May 252011

Our usual Wednesday walk took us to Lullingstone today in the hope of a change of scenery, perhaps some different plants/flowers and dragon or damselflies.  

If you haven’t been to Lullingstone for a while, the first change is the car park where the area allotted has been increased and a new gravel surface has been laid.   In addition new trees have been planted and it appears that the meadow area leading up the hill in front of the centre has been seeded with ox-eye daisy as the whole field was full of them.   [It may of course be that visiting earlier this year the wider range of meadow flowers are not properly out yet – only time will tell]

Ox-eye Daisy Meadow at Lullingstone

The first avian identification were parakeets with a very noisy pair flying between the trees around the car park.   As we moved along the bridle path along the side of the meadow we noticed blue tit feeding chicks, meadow pipit and yellowhammer in virtually the same place as Malcolm and Sally had spotted in previous years.   Grizzled skipper, small heath, common blue, peacock and large white were all seen as we investigated various plants for evidence of galls.   A slow walk up the hill and through the woodland resulted in the addition of wood pigeon, blackbird, robin, blackcap, chaffinch and whitethroat.   At one stage our attention was taken by a very straight pine which was in fact a disguised mobile telephone aerial.   Shame it wasn’t Oak-shaped though {guess who!}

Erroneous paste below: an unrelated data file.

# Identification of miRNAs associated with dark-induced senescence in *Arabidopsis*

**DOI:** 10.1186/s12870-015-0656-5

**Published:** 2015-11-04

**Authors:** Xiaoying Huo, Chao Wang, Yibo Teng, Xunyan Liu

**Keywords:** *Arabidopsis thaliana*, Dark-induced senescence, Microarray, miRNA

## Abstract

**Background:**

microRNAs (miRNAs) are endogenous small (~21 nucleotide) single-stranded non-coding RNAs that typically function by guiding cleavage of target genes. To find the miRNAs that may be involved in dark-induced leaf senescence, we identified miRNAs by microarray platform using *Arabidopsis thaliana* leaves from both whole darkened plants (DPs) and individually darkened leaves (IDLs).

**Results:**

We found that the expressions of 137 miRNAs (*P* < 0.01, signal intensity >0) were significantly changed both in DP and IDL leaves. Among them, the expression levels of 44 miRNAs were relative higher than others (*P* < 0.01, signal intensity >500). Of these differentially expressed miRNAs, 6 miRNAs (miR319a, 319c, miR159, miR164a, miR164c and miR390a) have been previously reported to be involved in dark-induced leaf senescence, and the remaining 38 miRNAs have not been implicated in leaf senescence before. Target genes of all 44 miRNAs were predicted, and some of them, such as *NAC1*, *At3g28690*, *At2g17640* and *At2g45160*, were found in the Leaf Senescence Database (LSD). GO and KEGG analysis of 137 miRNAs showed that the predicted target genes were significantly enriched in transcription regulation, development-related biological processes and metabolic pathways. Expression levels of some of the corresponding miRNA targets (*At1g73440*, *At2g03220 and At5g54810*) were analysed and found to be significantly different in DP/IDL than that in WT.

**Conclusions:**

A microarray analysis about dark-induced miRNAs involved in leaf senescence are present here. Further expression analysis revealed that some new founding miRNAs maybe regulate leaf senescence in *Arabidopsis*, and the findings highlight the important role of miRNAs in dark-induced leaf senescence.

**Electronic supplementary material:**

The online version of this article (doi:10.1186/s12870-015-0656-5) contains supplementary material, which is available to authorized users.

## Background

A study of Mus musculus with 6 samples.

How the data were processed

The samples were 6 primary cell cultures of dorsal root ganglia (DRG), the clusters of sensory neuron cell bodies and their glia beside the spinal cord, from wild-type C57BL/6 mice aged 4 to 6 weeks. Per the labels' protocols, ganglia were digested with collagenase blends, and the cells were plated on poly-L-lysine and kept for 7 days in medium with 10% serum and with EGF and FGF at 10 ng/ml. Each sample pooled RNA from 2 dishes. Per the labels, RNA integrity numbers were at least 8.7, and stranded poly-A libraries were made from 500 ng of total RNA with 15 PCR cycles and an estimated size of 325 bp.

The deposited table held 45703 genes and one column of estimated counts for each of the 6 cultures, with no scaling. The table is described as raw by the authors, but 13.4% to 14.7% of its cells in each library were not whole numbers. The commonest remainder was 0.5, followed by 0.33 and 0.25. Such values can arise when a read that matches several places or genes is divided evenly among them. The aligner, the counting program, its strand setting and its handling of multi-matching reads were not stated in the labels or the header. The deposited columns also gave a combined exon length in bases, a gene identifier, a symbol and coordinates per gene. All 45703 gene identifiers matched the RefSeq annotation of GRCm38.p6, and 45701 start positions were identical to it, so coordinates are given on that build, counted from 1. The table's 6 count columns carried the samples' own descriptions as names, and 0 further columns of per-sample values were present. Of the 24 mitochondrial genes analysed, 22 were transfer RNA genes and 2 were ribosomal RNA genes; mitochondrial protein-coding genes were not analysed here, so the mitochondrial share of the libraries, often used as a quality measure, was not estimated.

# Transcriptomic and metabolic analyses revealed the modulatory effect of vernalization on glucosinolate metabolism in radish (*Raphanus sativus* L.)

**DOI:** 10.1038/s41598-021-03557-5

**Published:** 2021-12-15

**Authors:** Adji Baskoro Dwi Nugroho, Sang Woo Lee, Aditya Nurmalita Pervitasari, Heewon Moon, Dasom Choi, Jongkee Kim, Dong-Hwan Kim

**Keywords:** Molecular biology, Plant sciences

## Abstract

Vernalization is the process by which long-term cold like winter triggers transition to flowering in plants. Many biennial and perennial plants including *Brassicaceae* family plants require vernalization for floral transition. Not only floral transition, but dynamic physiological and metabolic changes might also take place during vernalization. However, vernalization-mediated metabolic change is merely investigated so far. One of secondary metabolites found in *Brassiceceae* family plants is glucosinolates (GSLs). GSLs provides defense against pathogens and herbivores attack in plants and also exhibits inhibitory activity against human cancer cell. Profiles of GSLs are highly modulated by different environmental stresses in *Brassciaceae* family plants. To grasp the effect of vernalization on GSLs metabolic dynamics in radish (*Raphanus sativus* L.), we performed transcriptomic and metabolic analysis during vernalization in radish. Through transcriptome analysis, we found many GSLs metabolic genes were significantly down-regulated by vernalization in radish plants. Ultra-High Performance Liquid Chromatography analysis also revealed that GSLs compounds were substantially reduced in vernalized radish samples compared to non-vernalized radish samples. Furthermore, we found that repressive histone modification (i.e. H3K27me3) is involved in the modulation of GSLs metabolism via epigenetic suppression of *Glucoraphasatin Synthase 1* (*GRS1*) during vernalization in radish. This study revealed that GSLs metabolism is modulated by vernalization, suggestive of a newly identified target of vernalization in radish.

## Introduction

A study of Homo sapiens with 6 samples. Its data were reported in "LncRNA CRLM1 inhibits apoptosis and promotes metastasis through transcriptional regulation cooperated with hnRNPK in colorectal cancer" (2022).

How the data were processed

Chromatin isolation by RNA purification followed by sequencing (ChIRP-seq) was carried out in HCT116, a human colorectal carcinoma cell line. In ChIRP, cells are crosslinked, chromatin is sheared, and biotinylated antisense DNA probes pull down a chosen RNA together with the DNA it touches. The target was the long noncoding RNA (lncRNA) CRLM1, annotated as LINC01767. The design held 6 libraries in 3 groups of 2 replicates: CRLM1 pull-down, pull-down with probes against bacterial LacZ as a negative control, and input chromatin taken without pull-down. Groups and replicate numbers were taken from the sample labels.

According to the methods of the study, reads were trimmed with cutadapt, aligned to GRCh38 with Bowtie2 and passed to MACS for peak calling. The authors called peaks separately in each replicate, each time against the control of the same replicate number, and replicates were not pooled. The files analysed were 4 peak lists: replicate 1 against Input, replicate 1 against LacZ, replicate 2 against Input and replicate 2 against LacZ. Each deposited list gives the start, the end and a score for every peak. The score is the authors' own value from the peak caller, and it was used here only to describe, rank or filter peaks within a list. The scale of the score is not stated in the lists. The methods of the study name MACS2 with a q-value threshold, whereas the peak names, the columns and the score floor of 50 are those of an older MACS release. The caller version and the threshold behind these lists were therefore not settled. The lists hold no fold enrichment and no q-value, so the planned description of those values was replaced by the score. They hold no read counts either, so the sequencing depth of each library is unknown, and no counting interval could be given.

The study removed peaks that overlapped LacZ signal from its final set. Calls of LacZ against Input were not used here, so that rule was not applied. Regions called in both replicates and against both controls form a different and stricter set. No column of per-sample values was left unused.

As we picnicked chiffchaff sang and we could also hear the low coo-ing of stock dove, we also saw a female broad-bodied chaser, and red admiral.   Jackdaw, wren, great-spotted woodpecker and song thrush were seen as we made our way to the Orchid Bank. 

The bank was rather a disappointment from an orchid point of view – again perhaps we were too late, but we only two rather weak looking specimen.   Moving towards the River Darenth we saw large skipper, banded demoiselle, blue-tailed damselfly, azure damselfly.   Swift and house martin flew overhead whilst a moorhen made it’s way upstream.   A pair of mallard fed in the shallows.   As we sat by the river we noticed mayfly emerging and flying up to rest on the overhanging branches, and in an old knobbly tree a chaffinch family were feeding young.